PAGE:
Associations of Changes in Weight and Waist Circumference with Cardiovascular Disease and Mortality in Chinese Adults
24 Pages Posted: 27 Apr 2019More...
Background: The associations of age-related changes in body weight and waist circumferences with cardiovascular disease (CVD) and mortality remain unclear.
Methods: We assessed changes in weight and waist circumference from baseline survey and resurvey among 27 964 participants in the China Kadoorie Biobank (CKB, 2004-2008) and Dongfeng-Tongji Cohort (DF-TJ, 2008-2013). We used Cox proportional hazards models to evaluate the associations between adiposity changes and the subsequent risks of incident CVD, CVD mortality and all-cause mortality.
Findings: On average, during a median of 3·4 years from baseline to resurvey, participants experienced a weight loss of 0·6 kg, accompanied by a 2·1 cm increase in waist circumference. We identified 3589 incident CVD cases, 485 CVD deaths, and 1283 all-cause deaths during the follow-up in the CKB (2008-2016) and DF-TJ (2013-2016). Weight loss and waist gain were associated with increased risks of those outcomes in the two cohorts. In particular, compared with participants who had stable waist (waist change -2·0 to 7·0 cm) and weight (weight change -2·5 to 2·5 kg), those who gained waist but lost weight (waist circumference change >7·0 cm, weight change ≤ -2·5 kg) had the highest risk of incident CVD, CVD mortality and all-cause mortality, with the pooled multivariate hazard ratios (HRs) of 1·41 (95% CI, 1·13 to 1·75), 2·48 (1·40 to 4·37), and 1·71 (1·16 to 2·51), respectively. Among the weight-stable participants, waist circumference was linearly associated with CVD risk, with 17% higher risk (HR 1·17, 1·04 to 1·32) for those gained waist while 13% lower risk (HR 0·87, 0·77 to 0·99) for those lost waist compared to waist-stable participants.
Interpretation: Increased waist circumference with concurrent weight loss is significantly associated with increased risks of CVD morbidity, CVD mortality, and all-cause mortality among Chinese middle-aged and elderly adults.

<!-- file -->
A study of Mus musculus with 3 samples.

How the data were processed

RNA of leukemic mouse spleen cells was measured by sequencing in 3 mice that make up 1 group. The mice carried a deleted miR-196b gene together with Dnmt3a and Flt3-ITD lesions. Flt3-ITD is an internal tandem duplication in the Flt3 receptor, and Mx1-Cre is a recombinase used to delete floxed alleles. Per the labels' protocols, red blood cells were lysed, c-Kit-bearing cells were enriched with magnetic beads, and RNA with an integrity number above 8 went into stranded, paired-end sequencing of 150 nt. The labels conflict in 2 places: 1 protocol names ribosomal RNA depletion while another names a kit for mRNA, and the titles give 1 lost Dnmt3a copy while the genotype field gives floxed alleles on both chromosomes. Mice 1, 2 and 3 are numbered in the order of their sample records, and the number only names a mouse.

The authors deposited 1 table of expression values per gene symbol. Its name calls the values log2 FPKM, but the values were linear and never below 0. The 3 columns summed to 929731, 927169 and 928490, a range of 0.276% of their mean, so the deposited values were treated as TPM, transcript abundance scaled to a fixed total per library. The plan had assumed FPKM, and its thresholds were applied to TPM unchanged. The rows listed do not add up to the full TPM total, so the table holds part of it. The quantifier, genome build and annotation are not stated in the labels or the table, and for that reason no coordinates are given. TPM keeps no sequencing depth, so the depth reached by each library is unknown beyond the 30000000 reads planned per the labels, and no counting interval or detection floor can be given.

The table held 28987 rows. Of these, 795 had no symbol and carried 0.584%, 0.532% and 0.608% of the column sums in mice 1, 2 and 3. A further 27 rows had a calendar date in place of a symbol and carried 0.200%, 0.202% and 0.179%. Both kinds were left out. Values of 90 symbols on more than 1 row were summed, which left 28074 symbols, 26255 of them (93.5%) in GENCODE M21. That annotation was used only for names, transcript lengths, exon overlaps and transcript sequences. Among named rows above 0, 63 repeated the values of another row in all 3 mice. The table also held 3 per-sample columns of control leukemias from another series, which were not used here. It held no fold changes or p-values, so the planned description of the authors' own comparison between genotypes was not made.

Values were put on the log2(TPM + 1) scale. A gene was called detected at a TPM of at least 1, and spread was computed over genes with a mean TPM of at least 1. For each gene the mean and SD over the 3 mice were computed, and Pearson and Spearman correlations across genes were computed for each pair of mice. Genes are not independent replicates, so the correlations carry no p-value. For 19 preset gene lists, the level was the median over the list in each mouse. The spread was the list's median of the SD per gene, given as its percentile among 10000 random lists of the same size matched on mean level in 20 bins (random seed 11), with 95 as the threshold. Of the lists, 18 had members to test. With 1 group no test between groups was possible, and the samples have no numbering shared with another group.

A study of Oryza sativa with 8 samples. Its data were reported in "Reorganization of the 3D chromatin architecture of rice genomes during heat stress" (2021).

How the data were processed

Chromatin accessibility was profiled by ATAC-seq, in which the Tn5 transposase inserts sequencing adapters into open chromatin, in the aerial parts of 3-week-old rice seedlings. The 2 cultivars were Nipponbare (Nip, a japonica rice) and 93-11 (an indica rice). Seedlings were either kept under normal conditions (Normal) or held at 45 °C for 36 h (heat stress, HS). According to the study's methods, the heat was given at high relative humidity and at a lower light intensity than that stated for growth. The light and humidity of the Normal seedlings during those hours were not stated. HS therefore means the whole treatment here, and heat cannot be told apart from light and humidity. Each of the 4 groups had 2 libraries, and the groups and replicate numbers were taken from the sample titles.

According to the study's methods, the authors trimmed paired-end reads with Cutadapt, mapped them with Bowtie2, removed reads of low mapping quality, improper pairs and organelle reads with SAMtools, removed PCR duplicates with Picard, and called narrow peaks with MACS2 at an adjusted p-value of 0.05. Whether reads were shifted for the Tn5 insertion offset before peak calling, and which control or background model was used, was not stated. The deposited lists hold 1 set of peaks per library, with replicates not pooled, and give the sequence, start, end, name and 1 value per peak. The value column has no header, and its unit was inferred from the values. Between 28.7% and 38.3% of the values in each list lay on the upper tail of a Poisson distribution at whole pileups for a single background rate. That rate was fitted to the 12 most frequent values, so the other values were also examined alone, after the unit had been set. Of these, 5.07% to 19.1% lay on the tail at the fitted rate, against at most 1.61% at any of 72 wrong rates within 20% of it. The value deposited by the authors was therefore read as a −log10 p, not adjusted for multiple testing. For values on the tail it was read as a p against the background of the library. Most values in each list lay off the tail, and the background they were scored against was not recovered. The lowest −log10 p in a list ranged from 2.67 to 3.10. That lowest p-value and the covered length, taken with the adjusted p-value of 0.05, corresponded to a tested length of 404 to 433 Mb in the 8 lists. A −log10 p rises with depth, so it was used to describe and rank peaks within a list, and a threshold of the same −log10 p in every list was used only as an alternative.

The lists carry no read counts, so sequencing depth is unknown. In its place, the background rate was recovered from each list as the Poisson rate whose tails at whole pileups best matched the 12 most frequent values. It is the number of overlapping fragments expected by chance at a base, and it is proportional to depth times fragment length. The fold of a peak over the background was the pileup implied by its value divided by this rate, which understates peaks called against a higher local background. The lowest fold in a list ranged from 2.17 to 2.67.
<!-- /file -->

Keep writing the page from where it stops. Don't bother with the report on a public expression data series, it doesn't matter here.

Funding Statement: This work was partly supported by grants from the Foundation of National Key Programs of Research and Development of China (2016YFC0900800, 2016YFC0900500, 2017YFC0907501 and 2017YFC0907504), the National Natural Science Foundation of China (91643202 and 81390540), the 111 Project and the Program for Changjiang Scholars and Innovative Research Team in University. The China Kadoorie Biobank baseline survey and the first resurvey were supported by the Kadoorie Charitable Foundation in Hong Kong. The long-term follow-up has been supported by the UK Wellcome Trust (grants 088158/Z/09/Z, 104085/Z/14/Z), and the Chinese Ministry of Science and Technology (2011BAI09B01). The British Heart Foundation, UK Medical Research Council, and Cancer Research provide core funding to the Clinical Trial Service Unit and Epidemiological Studies Unit at Oxford University for the project.
Declaration of Interests: The authors declare no competing interests.
Ethics Approval Statement: The CKB study was approved by the ethics committees or institutional review boards at the University of Oxford, the Chinese Center for Disease Control and Prevention (China CDC), the Chinese Academy of Medical Sciences. The DF-TJ cohort was approved by the ethics committees of Tongji Medical College and the Sinopharm Dongfeng General Hospital. All participants provided written informed consents.